BY KATRINNA MARTIN-BORDEAUX
Our city has great potential to be a national model on how to architect inclusive publicly funded economic development projects, like those funded by the Buffalo Billion, to increase equity for marginalized communities and people of color. Working with elected officials, community groups, community leaders, labor unions, and businesses to address economic inequities and social disparities, the Contract Compliance Review Committee is the citizen-driven vehicle that the minority community has been missing for too long.
Our goal is simple: to decrease the unemployment rate, and increase the construction trades participation rate in the Black, Latino and any marginalized community, thus decreasing income disparities.
By working in partnership with firms who have been chronically unable to achieve minority hiring and contracting objectives established in public contracts, we can identify barriers that impede access to jobs, training, goods, and services — and we can do together, cooperatively.
Adopting such a model, the Contract Compliance Reivew Committee will increase participation among the business community. As we form an economic policy plan that puts community benefits first, we can correct the structural inequalities and intergenerational poverty that has kept the Buffalo Niagara region decades behind the rest of the nation.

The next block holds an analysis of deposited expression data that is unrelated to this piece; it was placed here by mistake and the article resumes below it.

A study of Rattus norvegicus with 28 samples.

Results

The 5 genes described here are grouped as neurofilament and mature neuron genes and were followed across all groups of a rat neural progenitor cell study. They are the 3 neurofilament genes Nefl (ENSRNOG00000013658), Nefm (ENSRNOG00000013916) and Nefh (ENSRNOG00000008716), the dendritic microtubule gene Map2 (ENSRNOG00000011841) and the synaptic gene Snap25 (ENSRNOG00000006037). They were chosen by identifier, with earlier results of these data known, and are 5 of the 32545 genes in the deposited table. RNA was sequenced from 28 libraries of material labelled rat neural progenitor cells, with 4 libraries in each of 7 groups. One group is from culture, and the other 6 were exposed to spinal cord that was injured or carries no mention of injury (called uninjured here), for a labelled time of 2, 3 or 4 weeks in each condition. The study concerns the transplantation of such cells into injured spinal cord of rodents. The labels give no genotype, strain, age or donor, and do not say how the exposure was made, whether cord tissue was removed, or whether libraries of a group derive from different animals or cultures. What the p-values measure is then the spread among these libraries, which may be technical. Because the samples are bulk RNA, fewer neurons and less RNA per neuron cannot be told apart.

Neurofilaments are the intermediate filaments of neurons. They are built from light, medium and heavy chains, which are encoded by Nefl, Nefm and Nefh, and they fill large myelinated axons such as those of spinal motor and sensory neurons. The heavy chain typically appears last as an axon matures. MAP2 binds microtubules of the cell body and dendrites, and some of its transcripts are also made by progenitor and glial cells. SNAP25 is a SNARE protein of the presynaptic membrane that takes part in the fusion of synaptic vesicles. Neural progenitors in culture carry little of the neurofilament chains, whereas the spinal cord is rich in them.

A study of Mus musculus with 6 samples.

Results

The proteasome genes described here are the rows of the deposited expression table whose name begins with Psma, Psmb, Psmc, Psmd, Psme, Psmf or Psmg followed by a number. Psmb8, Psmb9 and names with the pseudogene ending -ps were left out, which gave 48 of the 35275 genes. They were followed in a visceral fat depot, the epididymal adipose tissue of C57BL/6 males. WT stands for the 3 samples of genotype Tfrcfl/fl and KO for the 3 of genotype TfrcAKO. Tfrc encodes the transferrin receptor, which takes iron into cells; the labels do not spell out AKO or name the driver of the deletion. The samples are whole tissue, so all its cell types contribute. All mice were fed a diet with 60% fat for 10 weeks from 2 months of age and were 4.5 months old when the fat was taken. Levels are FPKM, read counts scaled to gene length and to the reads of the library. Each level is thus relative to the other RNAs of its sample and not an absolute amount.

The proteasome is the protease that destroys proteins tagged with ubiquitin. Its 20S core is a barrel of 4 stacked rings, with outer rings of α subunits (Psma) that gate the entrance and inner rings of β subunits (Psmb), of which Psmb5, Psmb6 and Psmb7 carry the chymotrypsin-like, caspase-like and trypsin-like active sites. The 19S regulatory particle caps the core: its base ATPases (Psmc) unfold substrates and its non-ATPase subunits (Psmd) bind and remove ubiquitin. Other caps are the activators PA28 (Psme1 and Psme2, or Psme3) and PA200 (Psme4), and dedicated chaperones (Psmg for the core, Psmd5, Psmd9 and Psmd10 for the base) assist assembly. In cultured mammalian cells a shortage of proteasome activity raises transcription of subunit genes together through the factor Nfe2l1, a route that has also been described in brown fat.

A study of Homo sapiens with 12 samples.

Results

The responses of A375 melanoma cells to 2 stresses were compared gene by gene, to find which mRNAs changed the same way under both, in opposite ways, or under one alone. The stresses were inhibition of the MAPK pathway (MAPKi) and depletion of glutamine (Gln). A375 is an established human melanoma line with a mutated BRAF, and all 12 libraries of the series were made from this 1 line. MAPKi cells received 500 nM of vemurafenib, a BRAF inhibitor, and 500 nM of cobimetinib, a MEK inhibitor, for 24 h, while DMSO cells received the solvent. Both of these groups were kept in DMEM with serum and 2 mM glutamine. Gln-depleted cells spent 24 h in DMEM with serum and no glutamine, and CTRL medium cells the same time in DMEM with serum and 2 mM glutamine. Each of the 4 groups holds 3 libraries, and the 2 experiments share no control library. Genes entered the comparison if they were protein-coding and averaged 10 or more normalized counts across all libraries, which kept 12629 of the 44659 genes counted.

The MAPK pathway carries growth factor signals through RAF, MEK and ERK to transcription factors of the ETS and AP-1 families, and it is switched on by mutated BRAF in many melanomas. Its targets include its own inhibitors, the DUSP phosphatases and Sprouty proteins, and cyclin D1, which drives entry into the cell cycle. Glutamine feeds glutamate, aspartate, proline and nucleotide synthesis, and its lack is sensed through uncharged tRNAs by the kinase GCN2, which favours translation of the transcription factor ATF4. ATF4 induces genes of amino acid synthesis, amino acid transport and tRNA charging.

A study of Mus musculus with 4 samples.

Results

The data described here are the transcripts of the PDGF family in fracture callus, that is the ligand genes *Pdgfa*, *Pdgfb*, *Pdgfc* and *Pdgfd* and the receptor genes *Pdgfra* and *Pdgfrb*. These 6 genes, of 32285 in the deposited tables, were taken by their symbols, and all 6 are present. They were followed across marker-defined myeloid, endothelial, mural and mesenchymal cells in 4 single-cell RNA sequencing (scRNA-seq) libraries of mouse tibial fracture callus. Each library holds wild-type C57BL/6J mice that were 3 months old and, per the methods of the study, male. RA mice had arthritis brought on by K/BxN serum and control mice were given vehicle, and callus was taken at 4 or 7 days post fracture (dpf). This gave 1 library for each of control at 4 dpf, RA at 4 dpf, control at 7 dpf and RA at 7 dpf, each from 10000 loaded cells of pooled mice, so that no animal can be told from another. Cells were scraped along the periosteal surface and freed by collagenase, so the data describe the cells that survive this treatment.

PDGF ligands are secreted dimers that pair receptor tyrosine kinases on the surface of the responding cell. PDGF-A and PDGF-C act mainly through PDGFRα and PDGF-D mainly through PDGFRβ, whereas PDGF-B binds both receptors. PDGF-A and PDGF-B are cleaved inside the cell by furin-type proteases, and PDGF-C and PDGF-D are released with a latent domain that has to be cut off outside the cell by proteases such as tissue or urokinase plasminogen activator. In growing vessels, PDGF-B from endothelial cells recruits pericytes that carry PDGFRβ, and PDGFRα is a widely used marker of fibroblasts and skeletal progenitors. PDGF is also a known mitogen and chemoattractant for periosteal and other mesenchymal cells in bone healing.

On May 9, 2016 following a morning demonstration calling attention to hiring disparities, members of the Contract Compliance Committee met with senior executives from LP Ciminelli, including Senior Vice President Kevin Schuler and Director of Compliance (MWBE/EEO) Stephanie Pennington. This meeting was very promising, despite the misconception and perception prior to this meeting.
The initial concern of the Committee is lackluster minority participation in opportunities related to construction jobs and apprenticeship programs in Western New York. Upon discussion, we began to express concerns and opportunities to move forward productively: strategic plans, apprenticeship programs, community partnerships, state legislation, county programing, among various other ideas, to increase opportunity for minority people in the construction trades.
Together we can address the barriers that prevent workforce participation, including discriminatory union practices, the disparate location of apprenticeship training programs, lack of transportation, math assessment testing, and a valid drivers license, among many others.
Our first meeting with LP Ciminelli was promising and gave us hope.
The firm has agreed to regularly attend Contract Compliance Committee meetings in the near future, in order to discuss and plan a resolution that is beneficial to the people, the region, and the construction industry itself. Out of these meetings, the Committee and LP Ciminelli will lobby — together — for the badly needed reforms that our community needs.
With thanks to Kevin Schuler and Stephanie Pennington for their support, participation and interest in collaboration and solutions, we are grateful and eager to get started.
Katrinna Martin-Bordeaux is the Chairperson and founder of Young Black Democrats of Western New York, and a is member of the Contract Compliance Review Committee.